How A Diagnosis For Skeletal Dysplasias Is Made During Pregnancy

How A Diagnosis For Skeletal Dysplasias Is Made During Pregnancy

A healthy pregnancy is essential for delivering a healthy baby. Eating a nutritious diet helps with good fetal brain development, decreases birth defects and results in a healthy birth weight.

Unfortunately, you can have other complications like genetic abnormalities. Read on to find out how a diagnosis for skeletal dysplasias is made during pregnancy.

Talk About Family History

Skeletal dysplasias are made up of over 200 complex disorders. Each type has it own set of complex complications. This condition affects your cartilage growth and the fetal bone. It results in developing dwarfism or a short stature.

This condition occurs from genetic abnormalities and gene mutations. Skeletal dysplasias are often passed down through generations. If you have one child born with skeletal dysplasia, then it can occur in another pregnancy.

Get An MRI

You should tell your doctor about your family immediately. Skeletal dysplasia is usually not picked up by an ultrasound until at 20 weeks of the pregnancy. If the doctor suspects the condition is presented, then he will need an examination of the fetal skeleton. Your doctor can get this image by sending you to radiology in Toms River NJ.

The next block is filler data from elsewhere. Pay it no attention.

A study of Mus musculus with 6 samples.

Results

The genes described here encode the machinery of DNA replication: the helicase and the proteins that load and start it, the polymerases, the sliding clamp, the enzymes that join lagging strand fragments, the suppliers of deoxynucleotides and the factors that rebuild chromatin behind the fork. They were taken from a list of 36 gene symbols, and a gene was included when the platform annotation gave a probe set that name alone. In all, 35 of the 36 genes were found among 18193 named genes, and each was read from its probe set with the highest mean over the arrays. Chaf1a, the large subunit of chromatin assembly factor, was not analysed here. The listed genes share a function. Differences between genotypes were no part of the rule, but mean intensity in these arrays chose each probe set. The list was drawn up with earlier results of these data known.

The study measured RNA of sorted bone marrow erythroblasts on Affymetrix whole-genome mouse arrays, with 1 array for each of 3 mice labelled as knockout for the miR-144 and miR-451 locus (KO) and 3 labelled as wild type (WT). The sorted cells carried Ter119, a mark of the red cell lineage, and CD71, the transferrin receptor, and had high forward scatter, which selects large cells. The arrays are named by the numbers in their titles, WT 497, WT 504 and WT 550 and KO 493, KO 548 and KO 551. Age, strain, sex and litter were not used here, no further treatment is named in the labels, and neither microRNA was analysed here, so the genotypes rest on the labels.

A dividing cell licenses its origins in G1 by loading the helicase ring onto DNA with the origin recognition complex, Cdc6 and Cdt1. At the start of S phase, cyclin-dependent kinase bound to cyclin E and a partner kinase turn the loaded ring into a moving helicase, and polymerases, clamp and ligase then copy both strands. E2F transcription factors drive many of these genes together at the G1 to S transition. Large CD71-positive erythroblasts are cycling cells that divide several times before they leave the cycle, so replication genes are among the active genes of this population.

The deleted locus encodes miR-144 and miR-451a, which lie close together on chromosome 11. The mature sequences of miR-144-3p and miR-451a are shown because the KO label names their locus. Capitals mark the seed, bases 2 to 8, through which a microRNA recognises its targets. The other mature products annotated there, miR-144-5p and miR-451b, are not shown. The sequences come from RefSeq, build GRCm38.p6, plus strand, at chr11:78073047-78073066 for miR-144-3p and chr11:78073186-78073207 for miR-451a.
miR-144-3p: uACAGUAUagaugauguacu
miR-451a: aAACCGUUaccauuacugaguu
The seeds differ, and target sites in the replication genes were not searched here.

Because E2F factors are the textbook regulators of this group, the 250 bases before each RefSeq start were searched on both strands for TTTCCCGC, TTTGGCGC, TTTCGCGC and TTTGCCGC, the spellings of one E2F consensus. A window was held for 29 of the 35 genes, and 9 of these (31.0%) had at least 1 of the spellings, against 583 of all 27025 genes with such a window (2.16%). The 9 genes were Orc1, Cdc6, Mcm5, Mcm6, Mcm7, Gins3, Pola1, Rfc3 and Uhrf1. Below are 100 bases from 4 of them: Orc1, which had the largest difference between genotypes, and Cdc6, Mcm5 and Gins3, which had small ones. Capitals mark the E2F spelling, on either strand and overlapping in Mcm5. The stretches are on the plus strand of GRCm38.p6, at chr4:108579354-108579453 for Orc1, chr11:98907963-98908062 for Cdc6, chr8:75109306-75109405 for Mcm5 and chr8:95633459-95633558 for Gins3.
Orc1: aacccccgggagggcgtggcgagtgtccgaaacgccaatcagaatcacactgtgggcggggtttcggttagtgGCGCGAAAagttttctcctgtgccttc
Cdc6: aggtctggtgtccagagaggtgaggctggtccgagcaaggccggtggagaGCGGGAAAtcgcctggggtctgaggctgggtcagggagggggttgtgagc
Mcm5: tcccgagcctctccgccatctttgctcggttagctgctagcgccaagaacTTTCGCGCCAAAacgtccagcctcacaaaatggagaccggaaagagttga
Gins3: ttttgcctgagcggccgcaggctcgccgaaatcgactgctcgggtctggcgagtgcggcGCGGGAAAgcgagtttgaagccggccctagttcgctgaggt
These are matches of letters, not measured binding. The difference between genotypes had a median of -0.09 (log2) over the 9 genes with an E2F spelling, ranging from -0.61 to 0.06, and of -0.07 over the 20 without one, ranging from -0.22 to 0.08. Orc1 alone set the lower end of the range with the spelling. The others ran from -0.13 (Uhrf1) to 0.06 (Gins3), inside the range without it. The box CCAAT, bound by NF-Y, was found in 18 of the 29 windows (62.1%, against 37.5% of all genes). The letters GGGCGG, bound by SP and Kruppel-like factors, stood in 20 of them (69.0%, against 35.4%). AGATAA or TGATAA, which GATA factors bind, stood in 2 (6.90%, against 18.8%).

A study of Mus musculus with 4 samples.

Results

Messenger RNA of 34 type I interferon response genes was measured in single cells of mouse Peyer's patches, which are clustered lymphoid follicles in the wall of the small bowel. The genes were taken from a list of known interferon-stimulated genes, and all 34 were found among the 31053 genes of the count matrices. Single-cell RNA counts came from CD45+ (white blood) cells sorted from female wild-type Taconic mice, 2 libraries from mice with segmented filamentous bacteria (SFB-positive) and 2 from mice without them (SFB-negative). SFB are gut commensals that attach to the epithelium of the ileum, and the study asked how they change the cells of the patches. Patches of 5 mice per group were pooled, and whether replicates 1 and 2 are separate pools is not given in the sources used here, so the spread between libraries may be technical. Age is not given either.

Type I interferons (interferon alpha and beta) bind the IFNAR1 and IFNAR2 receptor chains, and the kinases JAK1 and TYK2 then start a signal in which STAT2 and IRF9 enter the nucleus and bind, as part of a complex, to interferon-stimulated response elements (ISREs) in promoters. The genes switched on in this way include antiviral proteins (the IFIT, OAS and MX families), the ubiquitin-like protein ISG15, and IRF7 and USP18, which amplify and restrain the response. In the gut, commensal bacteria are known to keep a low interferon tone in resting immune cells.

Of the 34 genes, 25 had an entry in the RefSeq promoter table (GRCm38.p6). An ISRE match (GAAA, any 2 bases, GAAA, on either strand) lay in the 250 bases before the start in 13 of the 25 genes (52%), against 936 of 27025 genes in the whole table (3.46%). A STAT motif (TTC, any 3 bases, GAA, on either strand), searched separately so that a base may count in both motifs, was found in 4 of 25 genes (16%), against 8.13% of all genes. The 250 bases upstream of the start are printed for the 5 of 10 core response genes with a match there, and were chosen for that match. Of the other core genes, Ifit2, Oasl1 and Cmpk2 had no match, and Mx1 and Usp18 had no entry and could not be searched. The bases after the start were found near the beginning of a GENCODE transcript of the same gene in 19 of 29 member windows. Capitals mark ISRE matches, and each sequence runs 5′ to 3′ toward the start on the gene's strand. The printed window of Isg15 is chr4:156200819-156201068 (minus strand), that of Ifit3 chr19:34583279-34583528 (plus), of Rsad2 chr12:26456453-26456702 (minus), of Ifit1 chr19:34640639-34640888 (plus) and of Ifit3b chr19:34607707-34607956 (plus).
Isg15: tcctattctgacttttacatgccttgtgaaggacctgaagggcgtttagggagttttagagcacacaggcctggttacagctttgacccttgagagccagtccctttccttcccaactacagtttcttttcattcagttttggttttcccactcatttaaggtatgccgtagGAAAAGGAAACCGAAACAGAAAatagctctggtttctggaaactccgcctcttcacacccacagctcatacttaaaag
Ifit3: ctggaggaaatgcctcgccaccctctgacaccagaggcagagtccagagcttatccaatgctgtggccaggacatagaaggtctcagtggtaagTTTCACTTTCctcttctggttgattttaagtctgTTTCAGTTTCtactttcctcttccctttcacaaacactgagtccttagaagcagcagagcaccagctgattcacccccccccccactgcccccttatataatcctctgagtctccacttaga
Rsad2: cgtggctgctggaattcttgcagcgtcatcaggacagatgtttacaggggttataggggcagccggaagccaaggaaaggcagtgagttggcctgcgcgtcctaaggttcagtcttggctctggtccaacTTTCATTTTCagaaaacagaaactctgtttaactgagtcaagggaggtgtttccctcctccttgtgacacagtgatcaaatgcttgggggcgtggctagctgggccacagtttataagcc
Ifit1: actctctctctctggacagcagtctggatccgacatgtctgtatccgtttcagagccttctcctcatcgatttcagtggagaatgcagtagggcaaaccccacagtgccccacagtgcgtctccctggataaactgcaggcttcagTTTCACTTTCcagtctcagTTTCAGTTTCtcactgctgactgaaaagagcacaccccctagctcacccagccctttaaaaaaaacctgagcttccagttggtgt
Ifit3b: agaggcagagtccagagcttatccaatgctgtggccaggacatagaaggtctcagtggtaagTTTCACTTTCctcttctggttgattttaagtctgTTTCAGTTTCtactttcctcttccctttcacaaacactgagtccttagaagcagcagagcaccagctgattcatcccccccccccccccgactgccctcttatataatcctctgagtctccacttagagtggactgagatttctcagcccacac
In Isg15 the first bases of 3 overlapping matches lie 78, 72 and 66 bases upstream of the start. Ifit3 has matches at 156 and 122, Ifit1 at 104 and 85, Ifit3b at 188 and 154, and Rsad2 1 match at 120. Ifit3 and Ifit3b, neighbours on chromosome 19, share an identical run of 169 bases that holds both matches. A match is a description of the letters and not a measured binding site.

A MRI will need to be done to get a look at the fetal skeleton for any abnormality. Your doctor also want to perform genetic testing. This testing is done when doctors suspect skeletal dysplasia before birth. It is also done when the patient does not have a family history of the disorder.

No Treatment Before Birth

A prenatal treatment is not available for skeletal dysplasias. However, your doctor will plan for your delivery. A post-natal care is also in place to make sure your newborn has a smooth transition.

It helps to take one step at a time. You should focus on having a healthy pregnancy. After the baby’s birth, you can schedule tests to confirm this condition.

Categories: Health

About Author

Alen Graham

Allan Graham is a biology graduate and is interested in health related areas. He has written several articles for many eminent health magazines.